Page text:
An important and alarming report by the Manhattan Institute has documented the decades-long trend of domestic out-migration from California which, when coupled with a declining trend in natural population increase (births minus deaths), could result “in a situation similar to that of New York and the other states of the Midwestern Rust Belt in the last century, which have seen populations stagnate for decades, or even fall.”
The key take-away from the report is that California has lost 3.4 million more residents to other states than it has gained domestically. Our growth has been sustained only with robust (and now declining) foreign immigration, and a healthy (and now also declining) birth rate.
The turning point seemed to be the early 1990s, which was characterized by a recession in California far deeper than the rest of the nation, and an accelerated transformation of our economy from manufacturing to creative and services employment. Over the past two decades, increasing regulation of the economy and limits on growth and investment has reduced California’s attractiveness for job creation, compared with nearby states.
The lucky beneficiaries of the state’s exodus have been western and southwestern states, our near neighbors like Nevada, Arizona and Oregon, and somewhat more distant neighbors like Washington, Colorado – but especially Texas.
The authors dig below the top-line numbers to reveal some disturbing trends:
- Not only are people migrating from California – so is wealth. According to IRS data, California lost a net aggregate income of more than $26 billion from residents moving out of state during this century’s first decade. The authors warned, “This is not only a measure of economic damage but also of political and fiscal consequences because the state government depends heavily on personal income tax for its revenues.”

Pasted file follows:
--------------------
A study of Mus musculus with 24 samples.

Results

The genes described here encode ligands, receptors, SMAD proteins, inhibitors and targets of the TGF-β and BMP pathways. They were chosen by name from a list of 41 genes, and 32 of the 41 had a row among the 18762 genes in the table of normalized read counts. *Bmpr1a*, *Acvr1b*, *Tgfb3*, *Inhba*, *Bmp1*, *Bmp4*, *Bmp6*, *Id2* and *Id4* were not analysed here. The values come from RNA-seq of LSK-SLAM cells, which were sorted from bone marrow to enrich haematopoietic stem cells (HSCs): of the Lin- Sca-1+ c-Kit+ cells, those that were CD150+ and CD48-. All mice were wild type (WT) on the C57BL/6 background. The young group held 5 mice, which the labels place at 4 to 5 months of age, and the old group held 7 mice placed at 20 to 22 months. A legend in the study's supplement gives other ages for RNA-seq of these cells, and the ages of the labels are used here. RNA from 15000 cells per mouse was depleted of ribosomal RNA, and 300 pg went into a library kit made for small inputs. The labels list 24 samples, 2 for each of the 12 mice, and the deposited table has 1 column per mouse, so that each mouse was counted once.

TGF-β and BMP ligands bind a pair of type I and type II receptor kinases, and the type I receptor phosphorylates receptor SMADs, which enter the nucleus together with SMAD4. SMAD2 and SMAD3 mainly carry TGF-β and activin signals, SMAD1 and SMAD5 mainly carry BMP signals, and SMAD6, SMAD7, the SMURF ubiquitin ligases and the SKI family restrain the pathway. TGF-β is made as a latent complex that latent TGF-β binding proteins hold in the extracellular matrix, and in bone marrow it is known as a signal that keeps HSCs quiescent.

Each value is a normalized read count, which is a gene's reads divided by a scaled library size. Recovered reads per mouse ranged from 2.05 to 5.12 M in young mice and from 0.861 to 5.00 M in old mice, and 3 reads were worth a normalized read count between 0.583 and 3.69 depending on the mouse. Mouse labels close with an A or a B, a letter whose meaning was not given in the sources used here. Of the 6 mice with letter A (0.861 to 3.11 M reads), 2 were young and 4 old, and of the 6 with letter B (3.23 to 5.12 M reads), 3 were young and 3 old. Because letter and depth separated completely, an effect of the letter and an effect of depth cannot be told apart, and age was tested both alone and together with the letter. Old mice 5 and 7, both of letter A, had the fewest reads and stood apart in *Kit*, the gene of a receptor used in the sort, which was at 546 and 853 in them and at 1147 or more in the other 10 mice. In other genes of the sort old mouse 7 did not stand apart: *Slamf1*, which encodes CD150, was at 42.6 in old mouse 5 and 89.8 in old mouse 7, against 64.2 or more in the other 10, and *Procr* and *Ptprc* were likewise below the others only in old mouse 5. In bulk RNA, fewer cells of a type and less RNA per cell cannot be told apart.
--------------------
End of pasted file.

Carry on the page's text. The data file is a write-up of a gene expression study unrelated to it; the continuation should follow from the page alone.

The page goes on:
- Wealthier migrants tended to move to Nevada and Oregon, probably as retirement or second home destinations, while Texas was the destination of working Californians with lower annual incomes, obviously because of the availability of jobs. Arizona received a mix of the two types of migrants.
The key drivers for the net out-migration, according to the authors are (1) the economy – higher unemployment and higher housing costs in California relative to the rest of the nation, (2) population density – California now has the densest urbanized areas in the nation: Los Angeles/Orange County, San Francisco/Oakland and San Jose are all three denser than New York or any other metro area, and (3) fiscal distress – the persistent budget and fiscal instability in state and local finances presents a risk premium for residents, who anticipate lower services and higher taxes.
The causes and consequences of these trends are ominous. This data provides strong evidence that Texas and other western and southern states are providing hospitable climates for job creation and communities for raising families. If working Californians continue to emigrate to these business-friendly and job-rich states, our middle class will continue to shrink and our communities will continue to divide between affluent and not-so-much.
In the longer term, the Public Policy Institute has warned that California faces a shortfall of one million college graduates by 2025 to fill the jobs necessary to meet our economic growth. If Californians and their families continue to move out of state to seek better opportunities, then we will lose our ability to provide the human capital for economic growth. This will only accelerate the economic decline of the Golden State.
(Loren Kaye is the President of the California Foundation for Commerce and Education. Originally posted on Fox & Hounds.)